Belgian journalist explores lives of empowered Omani women in book
It was eight years ago when Belgian freelance journalist, Maria Dekeersmaeker, first visited Oman to seek inspiration for her writings. Cut to present, and the romance hasn’t ended yet. The more she explores, the more she learns about this place and its people.
Each time, Maria only has a different story to tell. Her previous books, The DNA of Salalah-Dhofar: A Tourist Guide and Treasure Chest Salalah Dhofar, were a treasure trove of stories from the land she now describes as her second home.
Her latest offering, Whispers of Oman, goes a step further as the Salalah-based writer examines the politics of gender through portraits of women, whose lives she found remarkably striking. “Sometimes, the story of a woman is linked with the modernisation of her country,” explains Maria.
While researching feature articles for her blog magazine alarba.wordpress.com, Maria encountered interesting women. She made a mental note of what she had seen. And three years ago, she starting putting it all together.
“The more I got busy with the stories, the more I got inspired. And then the idea came to my mind, ‘Why should I not write a book about them?’ I was not only thinking about business- women, decision makers or women active in certain areas. I wanted to talk about women of all ages and levels of the society, about their interests, their dreams, about what keeps them busy and where they stand today. I wanted a variety of stories,” she says.
“Of course, a book means limited space. So, at a certain point, I had to make choices about the stories that I wanted out there,” Maria says, adding that while some portraits give the reader an insight into the life of the women in Oman, others are empowering stories of how women used the opportunities their country offered them, especially after His Majesty Sultan Qaboos bin Said came to power.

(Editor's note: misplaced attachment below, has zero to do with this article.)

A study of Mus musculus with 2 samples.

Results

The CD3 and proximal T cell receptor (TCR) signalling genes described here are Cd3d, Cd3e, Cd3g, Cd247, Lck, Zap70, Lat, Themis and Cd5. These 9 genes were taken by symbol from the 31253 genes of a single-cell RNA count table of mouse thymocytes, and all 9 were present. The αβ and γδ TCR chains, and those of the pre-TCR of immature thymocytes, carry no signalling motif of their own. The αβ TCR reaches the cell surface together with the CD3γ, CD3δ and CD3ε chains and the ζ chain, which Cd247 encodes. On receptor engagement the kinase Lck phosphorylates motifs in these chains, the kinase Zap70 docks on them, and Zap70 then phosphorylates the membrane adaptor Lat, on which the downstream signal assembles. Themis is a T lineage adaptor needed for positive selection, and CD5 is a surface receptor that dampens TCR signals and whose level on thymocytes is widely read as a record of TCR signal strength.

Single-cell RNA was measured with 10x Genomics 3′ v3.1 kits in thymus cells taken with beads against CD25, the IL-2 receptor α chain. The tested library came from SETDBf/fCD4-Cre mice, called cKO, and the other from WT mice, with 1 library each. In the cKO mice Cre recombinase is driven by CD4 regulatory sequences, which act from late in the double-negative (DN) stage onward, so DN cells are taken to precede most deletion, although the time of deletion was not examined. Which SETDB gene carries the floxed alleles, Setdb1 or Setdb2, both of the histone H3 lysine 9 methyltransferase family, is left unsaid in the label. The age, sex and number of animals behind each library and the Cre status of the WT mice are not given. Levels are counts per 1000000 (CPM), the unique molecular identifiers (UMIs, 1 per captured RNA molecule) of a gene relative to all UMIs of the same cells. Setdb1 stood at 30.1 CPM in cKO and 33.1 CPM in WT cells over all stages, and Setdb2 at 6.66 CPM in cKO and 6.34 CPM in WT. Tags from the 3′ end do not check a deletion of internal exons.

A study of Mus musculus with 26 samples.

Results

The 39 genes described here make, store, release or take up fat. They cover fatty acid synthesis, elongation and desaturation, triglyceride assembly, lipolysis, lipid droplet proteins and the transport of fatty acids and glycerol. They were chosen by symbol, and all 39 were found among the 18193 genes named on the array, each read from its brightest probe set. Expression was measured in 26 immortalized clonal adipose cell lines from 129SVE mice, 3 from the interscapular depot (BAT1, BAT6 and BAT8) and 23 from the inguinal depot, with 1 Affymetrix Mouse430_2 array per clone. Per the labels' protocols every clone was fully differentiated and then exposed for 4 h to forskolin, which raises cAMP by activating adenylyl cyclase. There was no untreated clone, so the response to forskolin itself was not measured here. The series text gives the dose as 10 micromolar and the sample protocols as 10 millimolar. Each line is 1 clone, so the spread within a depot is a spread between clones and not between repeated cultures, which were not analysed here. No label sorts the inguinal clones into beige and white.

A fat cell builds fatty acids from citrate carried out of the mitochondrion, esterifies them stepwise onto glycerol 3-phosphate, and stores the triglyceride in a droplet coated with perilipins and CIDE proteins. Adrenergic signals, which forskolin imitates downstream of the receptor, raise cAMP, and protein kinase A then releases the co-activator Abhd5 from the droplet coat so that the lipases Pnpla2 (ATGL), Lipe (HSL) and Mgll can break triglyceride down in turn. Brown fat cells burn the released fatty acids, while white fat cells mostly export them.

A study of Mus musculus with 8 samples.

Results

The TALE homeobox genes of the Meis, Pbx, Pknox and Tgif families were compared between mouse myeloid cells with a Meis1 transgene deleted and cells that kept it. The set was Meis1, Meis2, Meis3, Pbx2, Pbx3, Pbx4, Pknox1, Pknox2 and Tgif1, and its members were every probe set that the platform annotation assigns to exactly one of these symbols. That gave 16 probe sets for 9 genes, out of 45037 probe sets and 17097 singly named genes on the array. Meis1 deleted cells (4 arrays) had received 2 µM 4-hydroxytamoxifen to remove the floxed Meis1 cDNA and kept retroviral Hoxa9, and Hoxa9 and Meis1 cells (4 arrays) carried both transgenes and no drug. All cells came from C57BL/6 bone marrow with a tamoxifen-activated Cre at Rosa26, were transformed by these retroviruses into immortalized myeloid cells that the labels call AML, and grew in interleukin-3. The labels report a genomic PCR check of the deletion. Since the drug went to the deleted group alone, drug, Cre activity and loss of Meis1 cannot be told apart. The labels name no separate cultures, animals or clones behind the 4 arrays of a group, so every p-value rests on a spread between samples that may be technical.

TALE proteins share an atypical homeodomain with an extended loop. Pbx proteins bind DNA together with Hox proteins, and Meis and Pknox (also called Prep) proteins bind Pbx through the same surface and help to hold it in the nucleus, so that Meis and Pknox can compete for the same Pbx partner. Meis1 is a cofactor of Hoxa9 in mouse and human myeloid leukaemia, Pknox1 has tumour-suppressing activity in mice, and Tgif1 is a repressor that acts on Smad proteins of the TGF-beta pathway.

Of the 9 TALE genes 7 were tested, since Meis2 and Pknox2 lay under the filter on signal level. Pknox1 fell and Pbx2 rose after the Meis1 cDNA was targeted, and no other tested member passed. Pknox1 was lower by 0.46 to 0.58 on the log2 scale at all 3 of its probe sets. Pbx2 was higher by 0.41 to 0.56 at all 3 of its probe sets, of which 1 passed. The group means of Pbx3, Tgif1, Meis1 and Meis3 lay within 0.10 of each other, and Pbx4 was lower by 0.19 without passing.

“Then there are also statements made by women,” she says. “For example, there is the statement of Sara, a student, who explains why being part of theatre is so important for her personal development. Another woman, Amna explains how she dealt with injustice done to her in her youth. Naifa and Dr Aida, give the reader an insight into how modernisation of the country took place.
“Raya, who has been diagnosed with cancer, explains the role of her belief while fighting the disease. Their lives are inspiring and will push you to reach for your dreams,” says Maria.
Among the 42 portraits in her book, Maria has also featured a few men and their efforts to “become the people they wanted to be”.
Explaining why she titled the book Whispers of Oman, she says, “Every story, every statement was like a whisper in my ear. You hear it, the whisper takes your attention and a story is born.”
Meanwhile, the author, who keeps shuttling between her home country Belgium and Oman, is also busy collating material for a novel, which is incidentally going to be based on the governorate of Dhofar.
“The book will combine facts with fiction,” she says of the novel.
Her non-fiction works happened by accident, Maria says. She is, however, glad that she began with non-fiction, because it became a base for her to understand the culture, and will now help her take her story forward.